Monday, October 3, 2016 - 11:30


[SHANGHAI] About a tenth of the world's nickel supply is at risk after the Philippines widened its crackdown on miners, raising the chances of prices rallying by another 25 per cent through 2017, according to UBS Group AG, which had already billed the metal as one of its favored commodities.

The nickel market is reeling after the Philippine government threatened to close another 14 mines last week, pending responses to an environmental audit. Of the 41 operations that were reviewed - the majority of them nickel producing - about three-quarters have either been halted or told they need to come up to scratch.

That puts 55 per cent of Philippine nickel output, or 11 per cent of global supply, at risk of exiting the market, according to UBS. Shutdowns raise the chances of nickel reaching US$6 a pound, or US$13,228 a metric ton, by the end of next year, analyst Daniel Morgan said by phone from Sydney on Friday.

"A supply cut of about 10 per cent is a big cut in any commodity market," he said. "In the short term there is enough metal out there as a buffer for the next few months, so are the stainless steel customers anxious? I would say not yet, but they will be in 2017. Our base case is heading towards US$6 by the end of 2017 but there is every potential that a rally could go further."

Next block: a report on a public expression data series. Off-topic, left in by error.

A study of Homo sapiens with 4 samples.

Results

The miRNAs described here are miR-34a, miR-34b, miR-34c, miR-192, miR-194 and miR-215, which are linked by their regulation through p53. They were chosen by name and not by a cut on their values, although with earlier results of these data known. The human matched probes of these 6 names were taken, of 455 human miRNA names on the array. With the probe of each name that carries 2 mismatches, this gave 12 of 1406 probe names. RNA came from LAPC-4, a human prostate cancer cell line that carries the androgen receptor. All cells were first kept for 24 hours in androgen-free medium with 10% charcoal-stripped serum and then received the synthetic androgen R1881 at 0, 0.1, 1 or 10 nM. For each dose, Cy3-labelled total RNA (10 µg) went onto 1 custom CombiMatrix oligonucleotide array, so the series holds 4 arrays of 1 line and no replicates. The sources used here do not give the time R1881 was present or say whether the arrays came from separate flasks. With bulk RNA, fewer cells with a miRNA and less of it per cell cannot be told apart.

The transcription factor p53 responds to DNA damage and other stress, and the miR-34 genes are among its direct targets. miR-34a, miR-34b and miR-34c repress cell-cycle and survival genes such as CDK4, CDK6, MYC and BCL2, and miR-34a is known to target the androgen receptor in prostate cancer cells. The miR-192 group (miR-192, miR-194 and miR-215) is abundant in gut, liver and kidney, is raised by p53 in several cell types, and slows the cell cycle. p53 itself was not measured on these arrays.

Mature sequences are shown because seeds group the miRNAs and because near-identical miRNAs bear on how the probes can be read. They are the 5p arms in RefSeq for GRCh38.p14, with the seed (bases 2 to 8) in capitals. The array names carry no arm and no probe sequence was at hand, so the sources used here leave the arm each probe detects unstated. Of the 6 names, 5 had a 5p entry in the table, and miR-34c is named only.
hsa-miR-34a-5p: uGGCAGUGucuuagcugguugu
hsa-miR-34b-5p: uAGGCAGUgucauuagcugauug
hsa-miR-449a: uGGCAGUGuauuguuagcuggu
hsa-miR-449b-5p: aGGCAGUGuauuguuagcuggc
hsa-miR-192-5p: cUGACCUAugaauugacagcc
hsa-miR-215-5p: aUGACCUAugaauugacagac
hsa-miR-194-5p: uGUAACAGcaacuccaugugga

UBS named nickel as one of its most-preferred commodities in August, before the extent of the Philippine crackdown had become apparent. The South-east Asian nation supplies nearly all of the ore used in China's stainless steel industry, and Citigroup Inc has also warned that the "unexpectedly stringent" audit could materially tighten supplies.

"Stainless steel output, globally, was flat for two years, and that's a horrible thing for any commodity to experience," said Mr Morgan. "However, from the second quarter this year, China's stainless output has been quite strong, and they are going to be looking for much more nickel in early 2017."

UBS's forecast for next year is for nickel to average US$5 per pound, or US$11,023 a ton, above the median consensus from 18 analysts of US$10,920 a ton. Still, the metal has defied previous predictions of big rallies following Indonesia's halt to ore exports at the start of 2014.

Last year, it missed estimates by more than any other base metal as demand slumped and stockpiles stayed stubbornly high.

The Philippines is expected to give a final verdict this month on the latest mines recommended for suspension. The country has done "irreparable damage" to its reputation among foreign investors, according to Mick Wilkes, chief executive officer of Melbourne-based OceanaGold Corp, which mines copper and gold and operates a project facing the ax.